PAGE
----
Source: El Pais - Mon 7th Feb 2011

The Bank of Spain have revealed how the country's economy returned to growth at the end of 2010, however called for a continuation of wage-hike moderation to ensure the recovery continues.

The El Pais newspaper reported how the bank's usual call for wage restraint has added significance at the moment because of contuing talks between the country's labor unions and the government to find an out an agreement on making the country's collective bargaining system more flexible.

It also coincides with a German-French joint propsal for a 'euro-zone competitiveness' pact which would tackle indexing wages to inflation, a continued request of the Bank of Spain, but one the government and labor unions, and many employers to would be against putting into practice.

In last week's commentary on the economy of the country, the Bank of Spain observed how average salaries increased by just 1% last year, the smallest increase in a decade and 0.8% below average inflation for 2010, resulting in a loss of purchasing power. The bank attributed much of the contention of wage hikes to an average salary cut of 5% for the public sector introduced by the government as part of its austerity drive. Wages under collective bargaining agreements rose 1.3% in 2010.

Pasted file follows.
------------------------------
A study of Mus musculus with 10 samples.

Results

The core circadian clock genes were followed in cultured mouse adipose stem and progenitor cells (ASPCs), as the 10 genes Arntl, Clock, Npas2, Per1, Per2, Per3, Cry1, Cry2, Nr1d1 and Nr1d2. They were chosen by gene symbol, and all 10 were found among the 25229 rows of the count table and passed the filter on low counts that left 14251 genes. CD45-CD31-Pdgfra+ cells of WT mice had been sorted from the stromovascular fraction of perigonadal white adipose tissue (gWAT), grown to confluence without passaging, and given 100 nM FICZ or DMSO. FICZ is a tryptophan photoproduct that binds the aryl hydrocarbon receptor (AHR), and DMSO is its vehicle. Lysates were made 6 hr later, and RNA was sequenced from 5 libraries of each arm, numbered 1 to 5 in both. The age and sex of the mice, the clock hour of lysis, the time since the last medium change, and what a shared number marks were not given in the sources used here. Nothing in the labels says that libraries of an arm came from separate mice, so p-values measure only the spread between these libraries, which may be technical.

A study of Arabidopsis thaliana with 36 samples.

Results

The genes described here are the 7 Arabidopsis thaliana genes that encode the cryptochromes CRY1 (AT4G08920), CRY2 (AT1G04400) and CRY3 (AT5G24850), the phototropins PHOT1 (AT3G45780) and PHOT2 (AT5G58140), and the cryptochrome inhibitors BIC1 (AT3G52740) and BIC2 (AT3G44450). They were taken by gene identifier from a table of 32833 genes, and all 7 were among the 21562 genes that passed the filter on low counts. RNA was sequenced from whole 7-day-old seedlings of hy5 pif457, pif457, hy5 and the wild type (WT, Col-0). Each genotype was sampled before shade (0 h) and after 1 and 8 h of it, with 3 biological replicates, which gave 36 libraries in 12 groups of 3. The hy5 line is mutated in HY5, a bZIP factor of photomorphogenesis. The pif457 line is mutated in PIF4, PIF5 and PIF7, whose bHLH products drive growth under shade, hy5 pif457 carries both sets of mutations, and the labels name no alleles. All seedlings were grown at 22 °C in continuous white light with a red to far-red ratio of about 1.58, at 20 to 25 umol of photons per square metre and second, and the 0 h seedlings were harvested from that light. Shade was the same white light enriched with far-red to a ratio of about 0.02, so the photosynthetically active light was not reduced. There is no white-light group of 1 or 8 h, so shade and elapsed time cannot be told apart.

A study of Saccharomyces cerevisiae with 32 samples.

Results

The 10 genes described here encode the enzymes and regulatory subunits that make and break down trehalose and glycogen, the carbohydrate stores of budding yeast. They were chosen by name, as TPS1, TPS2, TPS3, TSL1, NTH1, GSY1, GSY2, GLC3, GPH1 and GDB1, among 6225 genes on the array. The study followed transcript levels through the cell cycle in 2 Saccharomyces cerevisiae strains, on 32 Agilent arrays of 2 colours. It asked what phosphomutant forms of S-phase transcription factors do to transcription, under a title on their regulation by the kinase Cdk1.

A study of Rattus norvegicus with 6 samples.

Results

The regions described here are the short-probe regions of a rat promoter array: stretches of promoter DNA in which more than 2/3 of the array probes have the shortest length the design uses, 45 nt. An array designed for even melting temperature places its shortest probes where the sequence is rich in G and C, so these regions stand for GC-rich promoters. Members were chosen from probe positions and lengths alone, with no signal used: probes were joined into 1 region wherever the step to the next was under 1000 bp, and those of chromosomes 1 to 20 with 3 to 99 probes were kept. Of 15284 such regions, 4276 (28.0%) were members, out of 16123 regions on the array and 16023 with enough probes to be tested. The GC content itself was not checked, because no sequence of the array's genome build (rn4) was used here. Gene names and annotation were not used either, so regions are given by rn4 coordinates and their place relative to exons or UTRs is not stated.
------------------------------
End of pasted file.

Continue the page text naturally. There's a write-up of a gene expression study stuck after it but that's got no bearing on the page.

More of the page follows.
"It is vital that such wage restraint should continue in the coming quarters," the bank said in a statement. It also stated how it was important to keep in mind during negotiations on amending the collective bargaining system that the recent growth inflation to more than 3% is a one-off phenomenon deriving from tax hikes introduced by the government, hikes in regulated electricity and gas prices, and higher oil prices.

"Indirect effects on companies' costs must be limited and changes in prices must not give rise to a widespread revision of inflation expectations that feed through to final prices through the prices set by producers or through wage bargaining," the bank said.

In current collective agreements in Spain, 45.6 % of workers have contracts with clauses indexing their wages to inflation.

The central bank said Spain's GDP rose 0.2% in the period October-December from the previous three months when it was unchanged. It was up 0.6% from the previous year and contracted 0.1 % over the course of the year.